By Caren B. Cooper, Tina Phillips, Wesley M. Hochachka, and André A. Dhondt
Illustrations by Evan Barbour

Renesting attempts reveal latitudinal trends in multiple broods

Bluebird box

How many eggs does a bluebird lay each year? On the surface, this might seem like an easy question. After all, participants in The Birdhouse Network send data to the Cornell Lab of Ornithology each year on the number of bluebird eggs that they count in their nest boxes. These data show that the answer depends on location—Eastern Bluebirds at northerly latitudes lay larger clutches than do bluebirds farther south. However, this doesn’t necessarily mean that bluebirds in the North lay more eggs overall, because the total number of broods that bluebirds can raise in a summer might also vary regionally. We have to know not only how many eggs birds put in a basket, but also how many baskets (broods) birds produce.

To find out how many times bluebirds nest, the most accurate approach would be to mark individual birds with colored leg bands and monitor their breeding activities throughout the season. Conducting this sort of work across the continent would be a daunting task and has never been done. Instead, our research team at the Lab of Ornithology analyzed data on repeated use of nest boxes from more than 7,000 Eastern Bluebird nesting attempts reported by The Birdhouse Network’s participants from 1998 to 2002. The results, to be published in The Journal of Avian Biology, show that the number of nest attempts per box was 26 percent higher in the South than in the North. The number of nesting attempts per box by Eastern Bluebirds in the southern portion of their range was 26 percent higher than in the northern portion. Results are based on data submitted to The Birdhouse Network, 1998–2002. Nest attempts were counted as the number of nests with at least one egg and do not necessarily indicate a higher success rate.

The higher rate of nest-box reuse farther south indicates a higher instance of multiple brooding and was apparently not the result of different females using the same box in the same year. Our analyses indicated that observer bias and movement of female bluebirds from one box to another were unlikely explanations for the striking pattern that bluebirds farther south produce more broods.

To our knowledge, this study is only the second one to show that the number of nesting attempts increases from north to south within a single species. Season length can account for the observed trend. For each incremental change in latitude of one degree to the south, the breeding season is longer by 2.3 days. The most northerly locations (48˚ latitude, North Dakota through Quebec, Canada) had breeding seasons of only 108 days, compared with 154 days in the extreme South (28˚ latitude, Texas through Florida). Thus, bluebirds in southerly climes have more time to produce extra broods. The number of nest attempts per box was 1.8 per season on average in the South, compared with 1.3 attempts in the North. Southern bluebirds were also more successful at fledging young from more nests: the number of nests that produced at least one fledgling was 19 percent higher in the South.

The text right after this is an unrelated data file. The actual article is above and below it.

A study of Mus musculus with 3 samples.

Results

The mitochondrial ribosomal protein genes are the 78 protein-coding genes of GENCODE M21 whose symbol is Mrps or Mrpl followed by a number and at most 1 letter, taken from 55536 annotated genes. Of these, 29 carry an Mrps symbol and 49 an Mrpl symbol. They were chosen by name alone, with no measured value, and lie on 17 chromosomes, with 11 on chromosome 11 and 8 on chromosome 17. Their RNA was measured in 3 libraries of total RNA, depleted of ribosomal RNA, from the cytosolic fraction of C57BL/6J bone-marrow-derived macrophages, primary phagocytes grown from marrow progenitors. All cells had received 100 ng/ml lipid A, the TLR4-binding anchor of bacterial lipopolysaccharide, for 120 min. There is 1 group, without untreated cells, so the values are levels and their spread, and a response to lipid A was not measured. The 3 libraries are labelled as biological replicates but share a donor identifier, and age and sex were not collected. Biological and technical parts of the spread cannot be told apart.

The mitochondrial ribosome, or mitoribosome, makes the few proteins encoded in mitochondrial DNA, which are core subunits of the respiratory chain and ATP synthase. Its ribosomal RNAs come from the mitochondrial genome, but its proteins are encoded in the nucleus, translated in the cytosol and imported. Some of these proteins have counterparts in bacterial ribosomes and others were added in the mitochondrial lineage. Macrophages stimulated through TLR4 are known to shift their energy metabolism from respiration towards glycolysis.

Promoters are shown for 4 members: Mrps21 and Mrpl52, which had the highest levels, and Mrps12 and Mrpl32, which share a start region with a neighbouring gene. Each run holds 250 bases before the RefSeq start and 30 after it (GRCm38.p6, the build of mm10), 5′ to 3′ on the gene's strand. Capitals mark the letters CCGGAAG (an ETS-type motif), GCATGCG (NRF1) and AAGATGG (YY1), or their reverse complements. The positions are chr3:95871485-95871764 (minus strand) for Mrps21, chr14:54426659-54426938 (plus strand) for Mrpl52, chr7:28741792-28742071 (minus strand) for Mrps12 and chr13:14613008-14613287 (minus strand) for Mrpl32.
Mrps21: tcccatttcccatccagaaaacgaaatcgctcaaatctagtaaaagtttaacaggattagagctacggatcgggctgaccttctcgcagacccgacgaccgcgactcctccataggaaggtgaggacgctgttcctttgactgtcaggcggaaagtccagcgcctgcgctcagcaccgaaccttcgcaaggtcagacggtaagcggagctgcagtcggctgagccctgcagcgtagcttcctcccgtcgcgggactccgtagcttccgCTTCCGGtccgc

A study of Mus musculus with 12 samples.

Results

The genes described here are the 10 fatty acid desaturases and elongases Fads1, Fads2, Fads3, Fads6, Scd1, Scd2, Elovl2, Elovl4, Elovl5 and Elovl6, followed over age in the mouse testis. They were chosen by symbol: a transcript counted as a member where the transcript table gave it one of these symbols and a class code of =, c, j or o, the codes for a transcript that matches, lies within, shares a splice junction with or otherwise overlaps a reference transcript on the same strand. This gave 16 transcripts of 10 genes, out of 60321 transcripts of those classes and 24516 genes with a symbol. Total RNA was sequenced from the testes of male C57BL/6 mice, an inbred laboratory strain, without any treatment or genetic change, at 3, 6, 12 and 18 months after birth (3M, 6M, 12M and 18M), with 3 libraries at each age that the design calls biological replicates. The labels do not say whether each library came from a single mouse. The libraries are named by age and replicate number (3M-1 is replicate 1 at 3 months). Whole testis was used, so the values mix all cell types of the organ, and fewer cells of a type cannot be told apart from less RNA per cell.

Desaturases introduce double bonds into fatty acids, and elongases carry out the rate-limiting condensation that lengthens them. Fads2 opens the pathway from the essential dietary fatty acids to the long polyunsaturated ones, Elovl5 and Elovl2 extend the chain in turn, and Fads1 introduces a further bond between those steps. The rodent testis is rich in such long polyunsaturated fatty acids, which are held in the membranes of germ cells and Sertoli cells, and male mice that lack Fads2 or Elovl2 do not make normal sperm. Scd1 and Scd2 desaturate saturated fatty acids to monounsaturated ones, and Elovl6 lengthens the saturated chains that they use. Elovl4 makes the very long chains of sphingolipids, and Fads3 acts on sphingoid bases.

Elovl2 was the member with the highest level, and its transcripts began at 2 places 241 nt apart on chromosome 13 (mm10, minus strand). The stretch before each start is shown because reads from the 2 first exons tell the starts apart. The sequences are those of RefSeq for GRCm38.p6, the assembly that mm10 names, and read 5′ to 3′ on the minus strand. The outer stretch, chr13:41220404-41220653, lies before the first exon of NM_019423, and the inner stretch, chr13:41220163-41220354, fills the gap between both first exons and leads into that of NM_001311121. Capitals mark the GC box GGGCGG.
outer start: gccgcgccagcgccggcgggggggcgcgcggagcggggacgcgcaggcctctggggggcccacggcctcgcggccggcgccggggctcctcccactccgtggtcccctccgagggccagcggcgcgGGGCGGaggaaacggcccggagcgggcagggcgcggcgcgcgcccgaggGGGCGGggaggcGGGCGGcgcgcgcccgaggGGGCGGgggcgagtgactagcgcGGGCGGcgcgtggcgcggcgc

The evidence also suggests that bluebirds in the North may try to compensate for the shorter breeding period by initiating their second brood more quickly than their counterparts in the South. After fledging one brood, birds in the North began another clutch in the same box an average of 17 days later, whereas southern birds waited 26 days. Shorter time intervals between broods may increase the likelihood that a second brood can be raised, but at a cost to fledglings. By starting a new nest sooner, northern bluebird parents may very well be sacrificing time that could have been used to raise and feed fledglings from earlier nests.

The results of the study have implications far beyond bluebird natural history, because for half a century ornithologists have sought to explain variation in the number of eggs laid in an individual nest. Ecologists often assume that the number of eggs laid this year will affect the number that a bird can produce the following year, and that birds manage reproductive trade-offs from one year to the next. Our results, along with those from several other studies, indicate that nesting birds are making similar “calculations” within a single season. For birds capable of producing multiple nests in a season, the clutch size of a single nest may not be as significant as the total number of nestlings that can be produced. For total annual fecundity to be equal among bluebirds, birds in the North would have to lay much larger clutches than those in the South. However, Eastern Bluebirds show only a small amount of clutch size variation (less than half an egg) across latitudes (BirdScope, Spring 2000), which is not enough to compensate for observed differences in multiple brooding. This is not to say that southern birds have better reproductive success, only that they make more baskets full of eggs. But let’s not count those chicks before they hatch—recall that birds in the South have higher hatching failure rates (BirdScope, Summer 2003) and therefore endure their own trade-offs.


Caren Cooper, Wesley Hochachka, and André Dhondt are researchers in the Lab’s Bird Population Studies. Tina Phillips is project leader of The Birdhouse Network.